As I mentioned in my previous post, we were staying at a campsite in the north of Italy. Using this location as a good base to explore the north of country, we set our sites on Florence.
Catching the train to Florence
The closest train station is Empoli. It takes about 20 minutes to drive down to it from the campsite. From there, it’s about a half hour train journey to the city. The reason we didn’t drive directly to the city was to avoid having to find and pay for parking. I’m not sure if it ended up being the cheaper or faster option, but it was definitely less stressful to park at the station.
Italy really is hot
While Barcelona offers the shade of Las Ramblas and Bordeaux has plenty of park, what struck me about Florence is its lack of trees. Searching for shade became a bit of a priority while exploring the city. Italy really is hot! Try hiding in the shade of a building at midday and all you’ll do is feel the lack of a breeze, and heat from all sides. Italy cannot be conquered without a water bottle, hat and tons of gelato (don’t worry about calories, you’ll sweat it off).
The Spanish are quite good at letting you know that Barcelona is in a certain direction and that Valencia is in another, and the French also seem quite clear on railway instructions. In Italy, it felt like we just had to hope that we were on the right platform catching the right train, in the right direction in the right class (I still don’t know if there were classes or different types of trains, but I’m glad that we didn’t meet a conductor).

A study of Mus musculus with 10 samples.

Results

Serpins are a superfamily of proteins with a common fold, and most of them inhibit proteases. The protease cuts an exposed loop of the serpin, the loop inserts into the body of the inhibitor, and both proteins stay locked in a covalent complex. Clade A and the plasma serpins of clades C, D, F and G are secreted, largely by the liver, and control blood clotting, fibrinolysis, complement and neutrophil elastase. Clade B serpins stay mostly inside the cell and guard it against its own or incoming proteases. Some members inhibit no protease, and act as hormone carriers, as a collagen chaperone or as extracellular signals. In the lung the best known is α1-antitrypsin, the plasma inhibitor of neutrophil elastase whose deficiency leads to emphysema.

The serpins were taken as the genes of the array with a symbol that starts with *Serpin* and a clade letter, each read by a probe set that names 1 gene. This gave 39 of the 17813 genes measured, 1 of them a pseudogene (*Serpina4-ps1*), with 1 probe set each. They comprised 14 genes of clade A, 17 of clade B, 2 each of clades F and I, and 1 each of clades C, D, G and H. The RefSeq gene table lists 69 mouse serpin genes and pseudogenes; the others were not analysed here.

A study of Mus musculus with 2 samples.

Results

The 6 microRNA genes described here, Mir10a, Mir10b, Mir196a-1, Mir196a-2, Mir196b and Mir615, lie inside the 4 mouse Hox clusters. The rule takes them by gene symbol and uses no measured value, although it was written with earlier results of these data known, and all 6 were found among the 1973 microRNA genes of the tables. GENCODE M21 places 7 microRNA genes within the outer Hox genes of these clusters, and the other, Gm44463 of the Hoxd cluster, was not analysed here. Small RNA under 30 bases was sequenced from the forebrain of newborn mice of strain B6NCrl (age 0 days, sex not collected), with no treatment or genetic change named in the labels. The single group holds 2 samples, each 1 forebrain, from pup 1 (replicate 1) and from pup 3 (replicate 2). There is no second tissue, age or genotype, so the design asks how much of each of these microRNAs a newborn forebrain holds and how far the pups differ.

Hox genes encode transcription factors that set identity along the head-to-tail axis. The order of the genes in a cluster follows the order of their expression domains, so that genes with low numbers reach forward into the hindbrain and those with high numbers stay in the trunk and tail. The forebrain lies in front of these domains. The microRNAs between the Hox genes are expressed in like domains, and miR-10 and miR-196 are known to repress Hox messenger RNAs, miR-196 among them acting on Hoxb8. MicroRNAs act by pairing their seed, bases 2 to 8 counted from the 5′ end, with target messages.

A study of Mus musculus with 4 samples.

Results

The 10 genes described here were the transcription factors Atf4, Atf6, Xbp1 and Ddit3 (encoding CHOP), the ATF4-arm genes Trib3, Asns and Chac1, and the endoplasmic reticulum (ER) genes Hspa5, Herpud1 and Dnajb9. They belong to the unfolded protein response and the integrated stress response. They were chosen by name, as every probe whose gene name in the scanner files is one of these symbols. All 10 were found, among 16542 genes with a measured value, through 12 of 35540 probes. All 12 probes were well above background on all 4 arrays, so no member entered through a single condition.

Exploring the city
You know you’re really travelling when the first thing you do when you get to a romantic city, such as Florence, is try to find the loo (which costs €1 to use at the central train station). Next, we made a bee-line to get our hands on a €2 500ml Coca-Cola from an African shop down a back alley where there were butchers carrying chunks of bloody meat and men unloading a delivery of fresh greens. Things are happening. I love that: the unexpected charm of real life at it’s best. This bustling and unloading was a clue that the really big, central Mercado was nearby.
We feasted our eyes on fresh local produce, sipping our caffeinated, hot cokes and pecked at an olive focaccia. We wandered to the main square and the Duomo where we learned, after milling around with a sea of other people, that the tickets to go inside the Duomo are expensive and the queue is so long that it just doesn’t justify spending your whole day in a long line, feeling poor at 36 °C.
Instead, we opted for the Boboli Gardens and the air-conditioned museums included in the ticket instead (no queues!). Later on, we indulged in a late lunch of gnocchi with blue cheese sauce and bits of pear, and then also tortelli with a Bolognaise sauce. The service was as rude as the food was delicious. With our bellies full, we wondered around until dusk, gobbling down gelato.
When our legs were properly tired, we caught what we hoped was, the right train back to Empoli (almost getting out of the train at the wrong station a bunch of times).
We finally made it back to the right station and hopped in the car and zoomed up the hill to our campsite.